Love Smells Like Death
2004, Silk, embroidery, wire, embroidered satin cushion, glass box and wooden plinth, Life size
The starting point for the series of work is a text written by George Bataille on flowers, coupled with the provoking image of Miss Havisham in Charles Dickens’s novel “Great Expectations”.
“… The flower is betrayed by the fragility of its corolla: thus, far from answering the demands of human ideas, it is the sign of their failure. In fact after a very short period of glory the marvelous corolla rots indecently in the sun, thus becoming, for the plant, a garish withering. Risen from the stench of the manure pile – even though it seemed for a moment to have escaped it in a flight of angelic and lyrical purity – the flower seems to relapse abruptly into its original squalor…flowers wither like old and overly made-up dowagers, and they die ridiculously on stems that seem to carry them to the clouds…
It seems, in fact, that desire has nothing to do with ideal beauty, or more precisely, that it only arises in order to stain and with the beauty that for many sad and well-ordered personalities is only a limit, a categorical imperative.”
And Dickens introduces Miss Havisham as follows:
“…I knocked, and was told from within to enter…
She was dressed in rich materials – satins, lace, and silks – all of white. Her shoes were white. And she had a long white veil dependent from her hair, and she had bridal flowers in her hair, but her hair was white… she had not finished dressing, for she had but one shoe on – the other was on the table near her hand – her veil was but half arranged, her watch and chain were not put on, and some lace from her bosom lay with those trinkets…all confusedly heaped about the looking-glass.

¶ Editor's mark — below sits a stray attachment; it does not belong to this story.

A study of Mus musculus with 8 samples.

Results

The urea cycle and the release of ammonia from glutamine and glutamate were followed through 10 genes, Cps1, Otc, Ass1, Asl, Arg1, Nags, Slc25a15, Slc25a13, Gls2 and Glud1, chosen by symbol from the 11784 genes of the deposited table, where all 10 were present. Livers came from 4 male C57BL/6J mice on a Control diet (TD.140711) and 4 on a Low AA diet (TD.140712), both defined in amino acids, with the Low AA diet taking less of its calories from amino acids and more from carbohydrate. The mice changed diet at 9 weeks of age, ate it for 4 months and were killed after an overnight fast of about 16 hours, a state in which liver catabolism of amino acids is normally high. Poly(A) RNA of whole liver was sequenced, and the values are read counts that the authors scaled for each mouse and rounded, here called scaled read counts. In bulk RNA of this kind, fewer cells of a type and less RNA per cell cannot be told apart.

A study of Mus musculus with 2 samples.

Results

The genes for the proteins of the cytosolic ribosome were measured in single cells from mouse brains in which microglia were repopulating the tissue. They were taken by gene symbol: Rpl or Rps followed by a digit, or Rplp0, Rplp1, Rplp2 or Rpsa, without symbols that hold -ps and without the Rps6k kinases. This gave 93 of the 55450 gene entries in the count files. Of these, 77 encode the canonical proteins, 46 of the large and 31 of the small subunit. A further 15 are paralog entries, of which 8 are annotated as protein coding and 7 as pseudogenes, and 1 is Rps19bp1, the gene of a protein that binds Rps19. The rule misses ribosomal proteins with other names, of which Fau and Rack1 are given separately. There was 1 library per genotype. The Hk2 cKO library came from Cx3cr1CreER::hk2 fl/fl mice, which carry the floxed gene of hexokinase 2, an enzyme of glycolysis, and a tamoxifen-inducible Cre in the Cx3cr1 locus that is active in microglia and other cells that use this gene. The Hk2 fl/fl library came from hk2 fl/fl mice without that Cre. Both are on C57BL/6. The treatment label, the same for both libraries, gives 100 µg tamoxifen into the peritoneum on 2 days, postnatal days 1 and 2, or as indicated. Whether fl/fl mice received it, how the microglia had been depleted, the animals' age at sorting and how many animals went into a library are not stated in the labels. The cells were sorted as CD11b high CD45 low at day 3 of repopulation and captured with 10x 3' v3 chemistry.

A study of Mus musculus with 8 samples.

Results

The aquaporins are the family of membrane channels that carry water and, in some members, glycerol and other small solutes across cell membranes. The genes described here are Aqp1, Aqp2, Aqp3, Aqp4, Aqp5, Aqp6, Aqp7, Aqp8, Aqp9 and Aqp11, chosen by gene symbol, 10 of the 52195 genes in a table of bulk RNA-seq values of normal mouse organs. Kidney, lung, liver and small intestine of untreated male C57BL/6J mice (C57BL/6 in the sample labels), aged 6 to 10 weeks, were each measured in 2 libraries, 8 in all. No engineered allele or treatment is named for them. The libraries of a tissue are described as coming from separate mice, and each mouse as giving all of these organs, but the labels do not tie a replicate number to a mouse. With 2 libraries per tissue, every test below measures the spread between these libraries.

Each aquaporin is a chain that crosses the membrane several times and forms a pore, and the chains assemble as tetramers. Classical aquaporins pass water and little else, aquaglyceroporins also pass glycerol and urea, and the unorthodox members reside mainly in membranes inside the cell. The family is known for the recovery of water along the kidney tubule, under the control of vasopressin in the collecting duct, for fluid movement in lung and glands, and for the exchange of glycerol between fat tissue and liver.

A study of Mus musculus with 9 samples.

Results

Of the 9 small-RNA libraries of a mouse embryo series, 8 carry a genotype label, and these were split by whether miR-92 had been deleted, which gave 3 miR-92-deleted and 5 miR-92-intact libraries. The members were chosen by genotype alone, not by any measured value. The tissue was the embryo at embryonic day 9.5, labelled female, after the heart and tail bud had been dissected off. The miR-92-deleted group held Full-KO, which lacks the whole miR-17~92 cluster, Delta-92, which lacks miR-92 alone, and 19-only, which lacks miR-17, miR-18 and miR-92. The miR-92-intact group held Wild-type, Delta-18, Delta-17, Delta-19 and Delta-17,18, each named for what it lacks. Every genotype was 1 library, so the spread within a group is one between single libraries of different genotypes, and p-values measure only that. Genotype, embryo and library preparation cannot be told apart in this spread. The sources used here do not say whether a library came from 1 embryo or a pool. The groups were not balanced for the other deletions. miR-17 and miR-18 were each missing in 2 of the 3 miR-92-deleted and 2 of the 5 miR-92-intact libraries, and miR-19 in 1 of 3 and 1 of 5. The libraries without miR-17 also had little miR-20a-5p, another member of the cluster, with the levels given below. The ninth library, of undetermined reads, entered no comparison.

It was not in the first moments that I saw all these things, though I saw more of them in the first moments than might be supposed. But, I saw that everything within my view, which ought to be white, had been white long ago, and had lost its luster, and was faded and yellow. I saw that the bride within the bridal dress had withered like the dress, and like the flowers, and had no brightness left but the brightness of her sunken eyes. I saw that the dress had been put on the rounded figure of a young woman, and that the figure on which it now hung loose, had shrunk to skin and bone…”
Both reference the decay of flowers, the withering of an ideal.
Flowers are often used to symbolize love and ideal beauty. They are used extravagantly at weddings and funerals alike and always appear to represent some kind of considerate or emotive gesture. But the moment being investigated is the death of the flower, or rather the moment when the beauty fades, and the decay begins.
The flowers are made of silk and other opulent materials and are realistic, delicate and detailed. On second glance, however, the greens are faded and the whites yellowed. The flowers have begun to droop and the petals to fall. The natural progression of things is thus suspended forever, not at the flower’s glorious peak, but rather at its disappointing decline. They hover eternally between life and death, immortalized as a moment passed. They represent the refusal to let go of or abandon an ideal even when things will never be the same again, when all is really lost.
Each flower is placed delicately on a cream silk cushion and is cased in glass. The flowers are named after the emotions or ideals they represent - orchids=beauty, lilies=purity etc.